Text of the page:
Meghan HunterTips to give your kids a head start on their own miles & points journeyMillion Mile Secrets Team


As a mom and miles & points fanatic, I’ve already started getting my 4-year-old daughter into the hobby (albeit, unbeknownst to her) by setting up here own frequent flyer accounts so that she earns miles for eligible flights, which will really add up over the years. Plus, they can watch their own rewards balances grow, and learn math along the way!

And while I’m not at this stage yet, giving a child a credit card by adding them as an authorized user is also an excellent way to teach them about finances and the importance of establishing and maintaining a healthy credit score.

My daughter earned miles when we flew to Hawaii. (Photo by the author)

Tips for introducing children to the miles & points hobby

Teaching children about credit cards and miles & points can encourage their passion for travel and personal finance. Here are a couple of tips to get your kids started in the miles & points hobby.

Add your child as an authorized user

Authorized user credit cards are great for kids because they can help them start building a credit history and increase their credit score.

It’s never too early to start establishing credit history. If your child is old enough to make responsible credit card purchases, you can benefit by earning miles and points when they shop. And they may even learn a thing or two, like how to budget, the concept of interest and fees, paying bills and the importance of organization. Plus, certain credit cards offer bonus miles or points just for adding an authorized user.

Some banks ask for the social security number of an authorized user and some do not. But the account should link to their credit profile based on home address.

Just keep in mind that the primary cardholder is responsible for all charges on the account. So don’t add a child if you’re concerned about them buying a lifetime supply of toys the first chance they get.

That said, learning good financial habits at a young age can set you up on a path toward responsible spending the rest of your life.

Create frequent flyer accounts for your children

The good news is, there’s no minimum age to get a frequent flyer account. Even if your children only fly occasionally on family trips, the miles they earn can add up over time!

Teaching your kids the value of airline miles and points can help them get excited about their future in the hobby. And accumulating frequent flyer miles over time could get them enough for an award flight to exciting destinations when they’re ready to travel on their own!

How soon can I start building my child’s credit?

It depends on which issuer you’re dealing with. Some card issuers require an authorized user to be a certain age. Here’s a look at the requirements for some major banks:

Credit Card issuerMinimum Authorized User Age
American Express15
Bank of AmericaNone
Barclaycard13
Capital OneNone
ChaseNone
CitiNone
Discover15
US Bank16
Wells FargoNone

Bottom line

You can help your kids establish credit history by adding them as an authorized user to your credit card account. Having a credit history will help your kids once they turn 18 and can apply for their own top travel credit card, like the Chase Sapphire Preferred Card, which ranks as one of the best cards for beginners. Plus, teaching your kids about earning valuable miles & points can spark their interest in travel and encourage solid financial habits.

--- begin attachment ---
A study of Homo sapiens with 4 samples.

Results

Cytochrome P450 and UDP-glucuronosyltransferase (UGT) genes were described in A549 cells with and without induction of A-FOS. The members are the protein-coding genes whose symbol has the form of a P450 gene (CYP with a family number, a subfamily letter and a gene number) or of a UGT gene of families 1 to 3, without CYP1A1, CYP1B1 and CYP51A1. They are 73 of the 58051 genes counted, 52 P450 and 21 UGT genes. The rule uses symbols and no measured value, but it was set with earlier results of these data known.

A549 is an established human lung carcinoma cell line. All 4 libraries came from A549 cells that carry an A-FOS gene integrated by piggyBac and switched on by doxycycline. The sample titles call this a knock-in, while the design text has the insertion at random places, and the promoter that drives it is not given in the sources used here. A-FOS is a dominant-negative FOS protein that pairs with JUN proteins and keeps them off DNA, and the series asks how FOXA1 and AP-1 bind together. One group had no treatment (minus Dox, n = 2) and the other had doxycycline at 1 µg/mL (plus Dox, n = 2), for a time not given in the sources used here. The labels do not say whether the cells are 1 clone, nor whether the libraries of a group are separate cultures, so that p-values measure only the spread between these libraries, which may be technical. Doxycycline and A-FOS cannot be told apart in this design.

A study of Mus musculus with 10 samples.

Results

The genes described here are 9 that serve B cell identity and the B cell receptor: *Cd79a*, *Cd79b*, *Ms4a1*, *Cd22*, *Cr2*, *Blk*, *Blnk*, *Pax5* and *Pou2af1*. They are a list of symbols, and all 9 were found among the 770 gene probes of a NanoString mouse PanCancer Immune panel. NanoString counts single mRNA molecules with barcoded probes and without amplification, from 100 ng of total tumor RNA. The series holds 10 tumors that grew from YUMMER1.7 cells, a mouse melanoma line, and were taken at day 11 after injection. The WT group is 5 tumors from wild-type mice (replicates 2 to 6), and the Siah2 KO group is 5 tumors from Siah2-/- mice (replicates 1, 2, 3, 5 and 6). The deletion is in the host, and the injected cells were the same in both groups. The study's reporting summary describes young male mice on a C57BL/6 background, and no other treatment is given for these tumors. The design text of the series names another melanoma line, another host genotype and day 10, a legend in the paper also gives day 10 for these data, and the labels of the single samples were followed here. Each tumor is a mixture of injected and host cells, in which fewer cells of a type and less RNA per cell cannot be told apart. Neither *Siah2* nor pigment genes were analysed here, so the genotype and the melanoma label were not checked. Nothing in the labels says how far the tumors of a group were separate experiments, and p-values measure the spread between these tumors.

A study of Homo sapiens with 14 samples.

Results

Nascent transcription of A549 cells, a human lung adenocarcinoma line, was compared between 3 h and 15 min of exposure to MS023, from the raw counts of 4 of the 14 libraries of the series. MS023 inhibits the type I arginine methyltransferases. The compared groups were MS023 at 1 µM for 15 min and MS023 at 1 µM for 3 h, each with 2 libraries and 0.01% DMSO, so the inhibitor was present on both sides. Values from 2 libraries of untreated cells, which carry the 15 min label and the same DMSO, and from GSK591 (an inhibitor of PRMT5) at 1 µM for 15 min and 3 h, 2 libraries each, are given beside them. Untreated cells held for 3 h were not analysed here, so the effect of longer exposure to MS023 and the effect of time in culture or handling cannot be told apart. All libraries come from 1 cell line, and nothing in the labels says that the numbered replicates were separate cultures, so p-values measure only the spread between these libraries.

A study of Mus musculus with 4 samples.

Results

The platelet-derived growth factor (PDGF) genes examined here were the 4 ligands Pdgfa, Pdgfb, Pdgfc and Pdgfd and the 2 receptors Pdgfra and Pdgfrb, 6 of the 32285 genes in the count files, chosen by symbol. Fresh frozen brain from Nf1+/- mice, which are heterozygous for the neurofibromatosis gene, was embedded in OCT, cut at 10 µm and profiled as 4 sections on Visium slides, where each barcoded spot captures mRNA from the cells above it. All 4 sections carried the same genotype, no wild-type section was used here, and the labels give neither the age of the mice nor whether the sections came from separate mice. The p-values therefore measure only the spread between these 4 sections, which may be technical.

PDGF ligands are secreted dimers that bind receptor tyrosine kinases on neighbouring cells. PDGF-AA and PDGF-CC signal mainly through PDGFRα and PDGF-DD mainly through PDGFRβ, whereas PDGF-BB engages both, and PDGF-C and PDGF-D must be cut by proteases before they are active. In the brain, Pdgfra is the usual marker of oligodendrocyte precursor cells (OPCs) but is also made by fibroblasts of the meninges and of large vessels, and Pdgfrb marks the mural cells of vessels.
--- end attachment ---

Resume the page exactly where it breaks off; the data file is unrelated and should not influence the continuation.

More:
Even better, you’ll earn miles, points, or cash back for purchases they make as an authorized user!

And don’t forget to create frequent flyer accounts for your children. Accumulating miles for paid flights every so often can really add up over time and might even be enough for an award flight.

Do you have any credit card or frequent flyer tips to share with fellow parents? We’d love to hear in the comments below!

Chase Sapphire Preferred® Card

Chase Sapphire Preferred® Card

  • Earn 60,000 bonus points after you spend $4,000 on purchases in the first 3 months from account opening. That's $750 toward travel when you redeem through Chase Ultimate Rewards®
  • 2X points on travel and dining at restaurants worldwide & 1 point per dollar spent on all other purchases.
  • Get 25% more value when you redeem for airfare, hotels, car rentals and cruises through Chase Ultimate Rewards. For example, 60,000 points are worth $750 toward travel
  • Get unlimited deliveries with a $0 delivery fee and reduced service fees on orders over $12 for a minimum of one year on qualifying food purchases with DashPass, DoorDash's subscription service. Activate by 12/31/21.
  • Earn 5X points on Lyft rides through March 2022. That’s 3X points in addition to the 2X points you already earn on travel.

More Info

Editorial Note: We're the Million Mile Secrets team. And we're proud of our content, opinions and analysis, and of our reader's comments. These haven’t been reviewed, approved or endorsed by any of the airlines, hotels, or credit card issuers which we often write about. And that’s just how we like it! :)


Downside of adding a child as an authorized user, I believe, will not make them eligible to get the bonus when they reach 18 are ready to apply. So please add them as an authorized user to a card that does not have great signup bonus.